Monday Storm Causes Power Outages, Brush Fires - KTVN Channel 2 - Reno Tahoe Sparks News, Weather, Video

Monday Storm Causes Power Outages, Brush Fires


"You'll see with thunderstorms, you get the outflow winds with them," said Battalion Chief Mike Heikka with the Truckee Meadows Fire Protection District. "If you don't get any rains, you'll get a lightning strike, and you'll get an outflow wind, and you can get 60-mile-an-hour winds immediately."

Today's storm brought in some fierce rain drops.

"I heard all this racket," said Jennifer Martin of Pleasant Valley. "I looked outside, and it was like the water's streaming down the roof. It was like a hose at full force."

Along with that, there were some power outages in different areas. In north Reno, police were directing traffic because the stoplights were out. Also, whether people were floating the Truckee River or golfing, the flashes in the sky were a concern, and caused them to pack up early and head for shelter.

"It came down pretty heavy actually," said Frank Baldwin of southwest Reno, who floated down the river with his friends. "We were counting the thunder and lightning. It was a couple miles away."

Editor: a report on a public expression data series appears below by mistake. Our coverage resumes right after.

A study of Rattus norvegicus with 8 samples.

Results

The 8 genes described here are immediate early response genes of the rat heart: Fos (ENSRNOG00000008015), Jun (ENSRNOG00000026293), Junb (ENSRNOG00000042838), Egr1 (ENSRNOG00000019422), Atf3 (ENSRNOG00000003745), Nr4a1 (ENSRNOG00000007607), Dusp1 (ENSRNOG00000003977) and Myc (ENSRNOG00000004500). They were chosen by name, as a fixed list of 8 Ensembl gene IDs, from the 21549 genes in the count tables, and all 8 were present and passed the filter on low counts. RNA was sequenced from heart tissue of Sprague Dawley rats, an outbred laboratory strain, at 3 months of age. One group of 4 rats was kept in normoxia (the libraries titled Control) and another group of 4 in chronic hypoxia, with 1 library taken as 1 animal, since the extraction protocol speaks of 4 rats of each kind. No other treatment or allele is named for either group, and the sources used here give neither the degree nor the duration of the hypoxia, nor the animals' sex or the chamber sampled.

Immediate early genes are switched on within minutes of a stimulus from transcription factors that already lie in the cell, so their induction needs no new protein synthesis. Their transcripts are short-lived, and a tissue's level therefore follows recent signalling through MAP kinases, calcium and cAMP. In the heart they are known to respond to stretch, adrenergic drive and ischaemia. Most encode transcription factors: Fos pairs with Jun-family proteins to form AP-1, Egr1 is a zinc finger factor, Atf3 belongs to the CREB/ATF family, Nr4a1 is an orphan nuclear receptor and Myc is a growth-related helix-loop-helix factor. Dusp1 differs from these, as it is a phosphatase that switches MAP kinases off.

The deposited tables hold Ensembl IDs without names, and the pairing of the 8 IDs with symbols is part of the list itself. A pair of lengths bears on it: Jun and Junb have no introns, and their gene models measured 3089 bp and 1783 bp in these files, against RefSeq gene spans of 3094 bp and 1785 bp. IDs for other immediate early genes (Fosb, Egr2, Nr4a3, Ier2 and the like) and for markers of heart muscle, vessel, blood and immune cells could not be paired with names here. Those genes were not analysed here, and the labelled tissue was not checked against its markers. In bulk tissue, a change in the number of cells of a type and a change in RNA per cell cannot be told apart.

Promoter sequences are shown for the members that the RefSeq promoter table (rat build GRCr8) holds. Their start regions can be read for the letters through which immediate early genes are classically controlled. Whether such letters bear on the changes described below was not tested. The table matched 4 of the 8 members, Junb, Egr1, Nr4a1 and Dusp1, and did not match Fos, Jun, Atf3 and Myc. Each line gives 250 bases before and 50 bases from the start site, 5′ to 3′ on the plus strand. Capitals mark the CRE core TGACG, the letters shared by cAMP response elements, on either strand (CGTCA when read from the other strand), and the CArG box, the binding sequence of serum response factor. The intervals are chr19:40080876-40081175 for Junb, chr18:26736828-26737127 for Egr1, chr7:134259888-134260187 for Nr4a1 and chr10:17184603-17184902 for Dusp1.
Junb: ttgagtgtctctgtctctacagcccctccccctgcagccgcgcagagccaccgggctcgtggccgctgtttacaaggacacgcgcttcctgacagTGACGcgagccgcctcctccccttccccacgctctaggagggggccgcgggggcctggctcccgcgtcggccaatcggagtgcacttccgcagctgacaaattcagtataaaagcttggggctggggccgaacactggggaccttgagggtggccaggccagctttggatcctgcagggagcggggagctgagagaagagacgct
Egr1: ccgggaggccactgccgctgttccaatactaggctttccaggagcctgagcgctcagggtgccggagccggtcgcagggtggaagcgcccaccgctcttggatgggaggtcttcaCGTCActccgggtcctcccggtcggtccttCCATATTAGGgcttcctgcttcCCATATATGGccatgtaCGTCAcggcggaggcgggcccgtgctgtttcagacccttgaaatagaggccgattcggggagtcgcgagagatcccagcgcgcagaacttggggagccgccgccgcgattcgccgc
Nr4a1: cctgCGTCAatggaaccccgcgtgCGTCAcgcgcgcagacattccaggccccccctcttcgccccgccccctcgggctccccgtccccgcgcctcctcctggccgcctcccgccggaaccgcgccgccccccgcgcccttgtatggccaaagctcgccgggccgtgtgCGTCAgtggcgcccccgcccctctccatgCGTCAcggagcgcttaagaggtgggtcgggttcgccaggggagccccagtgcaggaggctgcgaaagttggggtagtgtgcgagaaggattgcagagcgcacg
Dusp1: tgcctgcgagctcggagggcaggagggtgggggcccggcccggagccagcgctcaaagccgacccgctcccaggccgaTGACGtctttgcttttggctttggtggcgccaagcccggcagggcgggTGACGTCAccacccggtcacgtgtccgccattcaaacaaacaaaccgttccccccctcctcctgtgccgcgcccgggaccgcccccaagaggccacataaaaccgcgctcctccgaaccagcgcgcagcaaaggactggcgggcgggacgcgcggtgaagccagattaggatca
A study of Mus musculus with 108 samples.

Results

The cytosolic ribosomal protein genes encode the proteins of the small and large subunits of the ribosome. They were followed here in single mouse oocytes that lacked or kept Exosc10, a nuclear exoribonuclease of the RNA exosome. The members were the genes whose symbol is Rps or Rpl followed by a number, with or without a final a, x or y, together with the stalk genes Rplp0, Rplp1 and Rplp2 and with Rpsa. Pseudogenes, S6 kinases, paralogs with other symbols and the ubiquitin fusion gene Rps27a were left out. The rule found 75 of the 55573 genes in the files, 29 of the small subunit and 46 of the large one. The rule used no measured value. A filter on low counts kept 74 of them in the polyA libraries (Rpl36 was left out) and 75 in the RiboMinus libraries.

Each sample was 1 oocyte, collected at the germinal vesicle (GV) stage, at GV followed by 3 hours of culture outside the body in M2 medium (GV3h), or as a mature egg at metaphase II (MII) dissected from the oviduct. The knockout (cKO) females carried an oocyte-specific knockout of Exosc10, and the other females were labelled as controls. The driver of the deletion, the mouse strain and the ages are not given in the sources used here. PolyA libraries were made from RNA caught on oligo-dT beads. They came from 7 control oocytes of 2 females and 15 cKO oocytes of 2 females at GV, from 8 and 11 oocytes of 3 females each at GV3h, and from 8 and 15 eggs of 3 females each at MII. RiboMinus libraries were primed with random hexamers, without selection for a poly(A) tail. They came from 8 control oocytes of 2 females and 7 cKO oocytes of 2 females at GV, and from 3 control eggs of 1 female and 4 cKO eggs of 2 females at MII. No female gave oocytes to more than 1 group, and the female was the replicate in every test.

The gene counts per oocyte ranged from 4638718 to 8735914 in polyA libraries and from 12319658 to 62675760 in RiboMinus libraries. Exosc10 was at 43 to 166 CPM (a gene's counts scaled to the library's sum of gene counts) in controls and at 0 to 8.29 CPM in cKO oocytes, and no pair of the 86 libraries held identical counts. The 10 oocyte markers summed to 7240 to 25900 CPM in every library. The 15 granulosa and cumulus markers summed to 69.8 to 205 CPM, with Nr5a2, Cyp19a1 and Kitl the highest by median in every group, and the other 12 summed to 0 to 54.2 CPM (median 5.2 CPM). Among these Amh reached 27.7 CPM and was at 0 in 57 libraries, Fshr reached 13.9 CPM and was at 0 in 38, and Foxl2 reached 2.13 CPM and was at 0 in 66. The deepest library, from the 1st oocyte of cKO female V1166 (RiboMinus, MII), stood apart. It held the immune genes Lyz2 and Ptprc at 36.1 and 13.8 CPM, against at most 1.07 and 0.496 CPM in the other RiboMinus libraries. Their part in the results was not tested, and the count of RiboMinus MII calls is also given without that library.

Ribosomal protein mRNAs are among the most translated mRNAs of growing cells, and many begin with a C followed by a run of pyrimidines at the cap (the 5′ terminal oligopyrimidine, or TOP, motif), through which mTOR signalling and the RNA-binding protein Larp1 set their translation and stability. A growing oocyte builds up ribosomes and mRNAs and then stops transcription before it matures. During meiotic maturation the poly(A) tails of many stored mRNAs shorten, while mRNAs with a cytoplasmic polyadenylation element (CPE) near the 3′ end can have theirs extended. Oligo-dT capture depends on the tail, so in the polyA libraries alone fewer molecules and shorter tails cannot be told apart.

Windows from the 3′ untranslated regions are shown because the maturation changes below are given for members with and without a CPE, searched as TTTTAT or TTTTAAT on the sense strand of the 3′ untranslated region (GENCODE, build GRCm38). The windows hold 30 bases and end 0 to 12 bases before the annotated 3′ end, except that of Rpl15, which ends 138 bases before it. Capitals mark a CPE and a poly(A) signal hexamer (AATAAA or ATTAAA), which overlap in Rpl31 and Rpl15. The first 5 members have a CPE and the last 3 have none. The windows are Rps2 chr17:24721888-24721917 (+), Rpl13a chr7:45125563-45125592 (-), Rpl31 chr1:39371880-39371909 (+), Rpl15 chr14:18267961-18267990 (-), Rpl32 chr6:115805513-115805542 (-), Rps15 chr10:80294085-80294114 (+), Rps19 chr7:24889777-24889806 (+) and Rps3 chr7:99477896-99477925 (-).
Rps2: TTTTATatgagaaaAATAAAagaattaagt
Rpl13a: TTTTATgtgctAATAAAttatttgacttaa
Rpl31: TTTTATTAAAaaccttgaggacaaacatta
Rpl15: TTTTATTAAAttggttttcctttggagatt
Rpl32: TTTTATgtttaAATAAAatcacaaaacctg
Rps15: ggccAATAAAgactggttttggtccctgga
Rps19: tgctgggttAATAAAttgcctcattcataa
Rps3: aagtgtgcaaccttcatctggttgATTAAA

"I was nervous swinging the golf club around with the thunderstorm over the top," said Andy Merchant of south Reno.

Truckee Meadows Fire Protection District has a protocol in place when storms like this roll in. Basically, they have units spread out to different parts of the area. When there's a call for a lightning strike, the closest truck heads out.

"Everybody's in a position where we can kind of look and see," Battalion Chief Heikka said. "So, if we do get that reported fire, we can get a single-engine out there real quickly, and hopefully suppress it when it's real small. If not, we call for more reinforcements. 

There were several reported lightning-caused fires, but fortunately, crews were able to quickly put them out and keep each of them to no more than a handful of acres.

"The thing that helped us out today was that as the lightning came through, right before the rain," Heikka said. "Then, the rain came through, and caught most of the fire. So, we're very fortunate for that."